Why and how we’ve worked flexibly since 2012
March 25, 2020
At Saturday Kids, we’ve been working flexibly and remotely since we started out in 2012. That means that meetings and classes aside, we don’t have fixed reporting times nor a fixed place to report to. With many businesses trying out work from home and split team arrangements for the first time in light of COVID-19, we wanted to explain why we’ve made it the norm for our team of 15 and share some tips from our experience that could help your team transition to this arrangement during these strange times.
Here are just some of the perks of working flexibly…
Designing work to our team’s strengths.
Everyone has different working styles, and our team is a motley crew of independent workers with their own distinct quirks. Working flexibly means that everyone gets to work to their strengths without feeling constrained. Perhaps you prefer getting deep work done in a park, or in a windowless room, or in our beautiful co-working space Found8. It’s all right by us as long as the job gets done and your team is supported.
To spend your time on things that matter.
No one on their death bed wishes they’d spent more time at the office. Time saved from daily commutes opens up possibilities for your team to pursue passion projects, spend time learning something new, or just doing whatever they want. We like to think that this has enabled us to explore a wider range of interests and experiences outside of, and as a team, we’re much better off for it.
It opens the door for more talent.
Because we work flexibly, we benefit from having talented and experienced parents on the team who might otherwise have chosen to stay away from the workforce in favour of staying home with their young kids. While it’s not at all easy to juggle raising kids and work – even when you work from home – this makes it a little bit easier for parents to pursue the various things that matter to them.
We think that these 3 benefits make flexible work worth pursuing. And yet, implementing flexible work arrangements really isn’t as simple as signing off on a memo – it’s got to be designed into the way a team works, and on an even deeper level, integrated into a company’s culture.
Here’s what’s helped us make this possible:
Technology and more specifically, software as a service.
Perhaps it goes without saying but a flexible working arrangement like what we have now could not have been possible before the days of the internet and the tools we use today that enable us to communicate, plan, design and collaborate wherever we are. As a team, we’re fuelled by online workplace Notion, messaging tool Slack, spreadsheet app Airtable, digital collaborative canvas Padlet, and of course the Google suite. That, and lots of passion, hard work, and resourcefulness. But more on that later.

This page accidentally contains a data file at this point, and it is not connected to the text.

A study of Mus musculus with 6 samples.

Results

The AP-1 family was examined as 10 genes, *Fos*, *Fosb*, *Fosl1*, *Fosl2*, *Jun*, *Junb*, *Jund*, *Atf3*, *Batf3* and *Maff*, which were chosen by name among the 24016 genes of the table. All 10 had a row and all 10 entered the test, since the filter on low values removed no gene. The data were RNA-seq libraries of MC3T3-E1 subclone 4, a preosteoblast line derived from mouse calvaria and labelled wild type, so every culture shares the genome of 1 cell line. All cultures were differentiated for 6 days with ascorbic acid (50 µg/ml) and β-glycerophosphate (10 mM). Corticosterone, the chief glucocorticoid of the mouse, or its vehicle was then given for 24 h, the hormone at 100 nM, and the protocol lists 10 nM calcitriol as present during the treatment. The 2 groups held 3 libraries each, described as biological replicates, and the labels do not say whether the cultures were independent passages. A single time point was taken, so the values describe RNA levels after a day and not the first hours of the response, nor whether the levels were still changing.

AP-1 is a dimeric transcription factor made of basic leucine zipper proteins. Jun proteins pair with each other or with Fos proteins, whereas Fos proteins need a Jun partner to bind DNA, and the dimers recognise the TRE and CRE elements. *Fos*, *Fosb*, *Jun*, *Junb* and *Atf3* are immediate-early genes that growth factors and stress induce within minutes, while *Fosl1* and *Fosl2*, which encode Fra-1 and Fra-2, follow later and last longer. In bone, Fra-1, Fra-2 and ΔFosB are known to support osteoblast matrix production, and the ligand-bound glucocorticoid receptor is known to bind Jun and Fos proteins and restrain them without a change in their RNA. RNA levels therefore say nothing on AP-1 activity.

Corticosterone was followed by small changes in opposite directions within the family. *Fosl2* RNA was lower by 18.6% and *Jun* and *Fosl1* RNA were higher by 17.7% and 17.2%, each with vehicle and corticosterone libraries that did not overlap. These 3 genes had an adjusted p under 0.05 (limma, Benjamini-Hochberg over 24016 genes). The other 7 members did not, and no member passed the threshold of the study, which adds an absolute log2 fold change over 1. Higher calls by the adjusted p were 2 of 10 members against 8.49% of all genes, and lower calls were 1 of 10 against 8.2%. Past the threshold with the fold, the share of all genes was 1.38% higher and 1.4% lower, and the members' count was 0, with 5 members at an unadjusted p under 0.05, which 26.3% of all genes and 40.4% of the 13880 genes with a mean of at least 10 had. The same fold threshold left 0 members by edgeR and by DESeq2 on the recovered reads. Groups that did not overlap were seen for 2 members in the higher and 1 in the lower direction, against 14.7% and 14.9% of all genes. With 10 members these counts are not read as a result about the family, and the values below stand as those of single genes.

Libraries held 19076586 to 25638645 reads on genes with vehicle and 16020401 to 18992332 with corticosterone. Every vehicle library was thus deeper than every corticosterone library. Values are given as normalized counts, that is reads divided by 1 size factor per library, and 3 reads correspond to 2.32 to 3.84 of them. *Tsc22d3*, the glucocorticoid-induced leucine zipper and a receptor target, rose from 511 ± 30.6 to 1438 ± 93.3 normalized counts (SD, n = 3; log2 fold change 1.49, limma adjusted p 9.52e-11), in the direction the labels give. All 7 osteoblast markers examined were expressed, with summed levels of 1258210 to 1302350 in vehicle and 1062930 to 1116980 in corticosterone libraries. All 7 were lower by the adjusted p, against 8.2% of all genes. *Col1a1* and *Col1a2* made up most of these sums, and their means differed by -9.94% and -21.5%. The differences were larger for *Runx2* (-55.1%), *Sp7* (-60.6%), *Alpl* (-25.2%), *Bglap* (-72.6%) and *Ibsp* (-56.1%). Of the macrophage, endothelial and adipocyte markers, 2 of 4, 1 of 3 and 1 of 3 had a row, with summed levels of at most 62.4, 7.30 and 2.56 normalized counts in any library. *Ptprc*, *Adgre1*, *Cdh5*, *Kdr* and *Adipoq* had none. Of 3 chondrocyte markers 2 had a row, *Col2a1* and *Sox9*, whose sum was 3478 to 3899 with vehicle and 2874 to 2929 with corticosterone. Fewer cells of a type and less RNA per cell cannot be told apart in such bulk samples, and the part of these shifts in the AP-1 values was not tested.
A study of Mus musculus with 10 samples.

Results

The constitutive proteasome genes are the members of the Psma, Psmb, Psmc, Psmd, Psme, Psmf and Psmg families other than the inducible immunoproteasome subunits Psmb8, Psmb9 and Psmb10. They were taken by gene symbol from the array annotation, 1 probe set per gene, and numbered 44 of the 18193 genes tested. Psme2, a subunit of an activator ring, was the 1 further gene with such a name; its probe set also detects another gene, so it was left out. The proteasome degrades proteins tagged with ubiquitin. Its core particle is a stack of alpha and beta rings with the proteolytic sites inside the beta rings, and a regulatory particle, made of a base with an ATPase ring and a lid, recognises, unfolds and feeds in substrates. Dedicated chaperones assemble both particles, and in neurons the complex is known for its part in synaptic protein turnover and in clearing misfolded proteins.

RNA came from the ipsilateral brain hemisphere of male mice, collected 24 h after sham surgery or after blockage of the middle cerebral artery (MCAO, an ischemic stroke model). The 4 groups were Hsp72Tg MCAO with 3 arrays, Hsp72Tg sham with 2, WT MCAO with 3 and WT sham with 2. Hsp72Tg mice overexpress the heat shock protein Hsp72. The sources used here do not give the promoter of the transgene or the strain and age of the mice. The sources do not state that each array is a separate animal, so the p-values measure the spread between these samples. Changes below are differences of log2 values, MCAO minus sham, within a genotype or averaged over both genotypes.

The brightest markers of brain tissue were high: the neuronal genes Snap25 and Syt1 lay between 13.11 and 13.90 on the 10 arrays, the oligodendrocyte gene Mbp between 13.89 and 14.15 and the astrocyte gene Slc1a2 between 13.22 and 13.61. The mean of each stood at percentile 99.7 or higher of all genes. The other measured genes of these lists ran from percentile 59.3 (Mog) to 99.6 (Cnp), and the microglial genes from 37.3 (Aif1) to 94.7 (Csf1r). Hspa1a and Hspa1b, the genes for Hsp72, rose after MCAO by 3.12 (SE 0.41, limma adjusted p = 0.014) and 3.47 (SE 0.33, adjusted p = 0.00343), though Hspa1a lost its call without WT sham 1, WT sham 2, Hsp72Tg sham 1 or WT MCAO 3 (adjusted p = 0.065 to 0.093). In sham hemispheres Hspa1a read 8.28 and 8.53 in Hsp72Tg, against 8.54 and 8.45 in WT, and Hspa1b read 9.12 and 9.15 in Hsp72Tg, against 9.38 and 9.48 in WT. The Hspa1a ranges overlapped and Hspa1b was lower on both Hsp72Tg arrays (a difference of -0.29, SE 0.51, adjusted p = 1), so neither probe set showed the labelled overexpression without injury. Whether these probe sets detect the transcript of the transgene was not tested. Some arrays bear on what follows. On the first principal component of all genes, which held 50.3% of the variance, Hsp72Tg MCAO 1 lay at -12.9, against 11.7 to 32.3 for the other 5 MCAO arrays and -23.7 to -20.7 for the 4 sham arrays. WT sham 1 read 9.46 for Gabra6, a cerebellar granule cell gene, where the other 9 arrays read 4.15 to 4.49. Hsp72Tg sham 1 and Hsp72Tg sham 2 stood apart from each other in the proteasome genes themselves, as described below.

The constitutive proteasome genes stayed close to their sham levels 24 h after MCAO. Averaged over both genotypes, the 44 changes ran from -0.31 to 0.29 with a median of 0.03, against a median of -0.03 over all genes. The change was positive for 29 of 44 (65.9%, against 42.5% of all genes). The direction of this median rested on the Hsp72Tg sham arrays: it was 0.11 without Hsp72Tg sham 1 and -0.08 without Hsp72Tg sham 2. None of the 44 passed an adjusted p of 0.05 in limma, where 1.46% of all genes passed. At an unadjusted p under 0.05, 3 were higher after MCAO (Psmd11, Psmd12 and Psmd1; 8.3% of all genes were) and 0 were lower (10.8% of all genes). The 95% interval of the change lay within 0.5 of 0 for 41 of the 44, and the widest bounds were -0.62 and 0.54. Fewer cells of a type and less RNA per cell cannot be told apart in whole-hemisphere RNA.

Daily stand ups.
At any time, our team of 14 big kids could be working out of 14 different places. Stand ups are brief ‘meetings’ involving all team members where they share their progress, constraints, and what help they need for the day. Doing daily stand ups online (via Geekbot!) helps us check in with each other wherever we are, manage our team’s workload, and provides a snapshot at any time of what we’re committing our energy to. In short, stand ups help keep us all in sync.
That said, the real secret sauce is our team.
Just as our mission is to transform every child into a curious, self-motivated learner, we look for the same qualities in our team members as we hire and grow. All the tech and productivity hacks in the world wouldn’t make a difference if our team members were bent on gaming our flexible work privileges to settle for the bare minimum. And thankfully, we’ve found enough big kids driven by the same big mission.
Not all businesses or organisations are in a position to work flexibly or remotely, and we’re fortunate at this time to be in a position to do so. Shout out and much gratitude to the people running critical services that keep the world turning at this time – the janitors, medical teams, transport officers, postal workers and more. Not all heroes wear capes, and often many of us even make the mistake of taking them for granted.
What’s your experience working flexibly been like? What’s helped your team thrive on flexible work arrangements? We’d love to know!